Expanding your online presence through SEO (search engine optimization) can be a painstaking process when you’re catering to different cultures and languages. New trends in SEO goes beyond using the built-in translation feature in your browser. Directly translated keywords can only get you so far; and to really penetrate the market you need to incorporate a strong localization strategy.
Using Local Terminology is Essential in Website Translation
In some cases, expressions in one language take on a completely different meaning in another. An example of this is Mitsubishi’s initial attempt to market their new SUV called “Pajero 4WD” in Spain. The Japanese car manufacturer had to change the name of the vehicle to “Montero” because the word “pajero” translates to “jerk” in Spanish. Failing to look into how other countries use their selection of names could’ve easily tarnished the company’s reputation, should the marketing team have pushed through with the original branding of the car during the release.
Furthermore, when it comes to SEO, direct translation could cause you to miss your targeted keywords. This is because the country that you’re marketing to may have a completely different set of terms in their native language for your desired keywords. More often than not, it’s usually the local terms that consumers use to find what they’re looking for online.
“The foundation of a proper SEO strategy are keywords. They are the DNA of the website! Transliterating them into other languages will lower search-engine relevance and therefore traffic to the translated sites. Keywords have to be transcreated and used consistently throughout the website for proper search-engine geo-optimization,” said Nabil Freij, President of GlobalVision International.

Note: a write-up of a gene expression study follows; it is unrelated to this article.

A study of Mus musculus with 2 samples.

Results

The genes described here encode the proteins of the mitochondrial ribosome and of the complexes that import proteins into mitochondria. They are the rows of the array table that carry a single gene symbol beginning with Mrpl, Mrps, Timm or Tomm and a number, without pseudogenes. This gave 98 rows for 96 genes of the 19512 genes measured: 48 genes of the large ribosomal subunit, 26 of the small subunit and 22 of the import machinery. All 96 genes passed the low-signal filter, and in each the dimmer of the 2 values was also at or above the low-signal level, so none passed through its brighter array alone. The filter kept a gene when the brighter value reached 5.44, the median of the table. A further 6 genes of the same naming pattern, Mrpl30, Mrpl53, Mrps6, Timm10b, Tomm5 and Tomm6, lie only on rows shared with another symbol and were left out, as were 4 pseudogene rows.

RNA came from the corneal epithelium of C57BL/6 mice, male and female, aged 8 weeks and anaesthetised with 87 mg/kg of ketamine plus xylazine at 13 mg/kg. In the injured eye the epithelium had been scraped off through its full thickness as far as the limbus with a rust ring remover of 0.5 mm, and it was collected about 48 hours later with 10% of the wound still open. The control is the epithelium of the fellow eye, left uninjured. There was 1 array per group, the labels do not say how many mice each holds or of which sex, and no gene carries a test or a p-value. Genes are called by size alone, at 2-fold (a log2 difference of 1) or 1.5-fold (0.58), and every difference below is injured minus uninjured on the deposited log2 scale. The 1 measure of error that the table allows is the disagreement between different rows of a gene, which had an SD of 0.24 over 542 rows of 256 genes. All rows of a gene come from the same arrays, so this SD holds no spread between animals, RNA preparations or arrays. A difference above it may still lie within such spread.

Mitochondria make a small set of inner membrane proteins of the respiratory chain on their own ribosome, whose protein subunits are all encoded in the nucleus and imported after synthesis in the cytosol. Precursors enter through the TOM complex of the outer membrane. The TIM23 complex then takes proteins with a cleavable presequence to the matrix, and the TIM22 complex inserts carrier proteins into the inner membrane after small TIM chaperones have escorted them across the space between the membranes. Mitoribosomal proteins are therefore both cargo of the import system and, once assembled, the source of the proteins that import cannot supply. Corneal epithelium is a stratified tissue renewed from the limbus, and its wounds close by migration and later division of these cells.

Catering to the Local Experience
Knowing and understanding local terminologies during SEO localization could help you not only rank well in SERPs (search engine results page), but also win over visitors and boost online conversion rates. Accurate website localization is a crucial component of customer interaction because it allows companies to relate with their audience. The more comfortable an online visitor is with your website, the more likely he or she will engage in your product or services. According to a study from the Common Sense Advisory Report, localization has the following effects on consumers:
- 72.4 percent of consumers worldwide prefer to use their native language when shopping online.
- 55 percent of survey participants cited that they only purchase products from a website that caters to their local language.
- 56 percent of consumers spend more time on websites in their local language, compared to English-only sites.
Website Localization Services
Automated translation services, such as Google Translate, while can be handy for basic words and phrases, usually do not provide “street lingo” terms or localized expressions of a region. To get relevant terms that relate with your targeted demographic, you either need a native translator who knows both languages very well, or a company that offers website localization services. The latter for most businesses is the more suitable option because such establishments offer actionable information and insights that can be implemented quickly in a digital marketing strategy.
“SEO is a costly undertaking, but like an annuity, generates constant returns. Why pay to SEO the source language content, then pay again to SEO each target language? Properly search engine geo-optimizing the source content then applying the correct localization process will save significant time and costs,” explained Freij.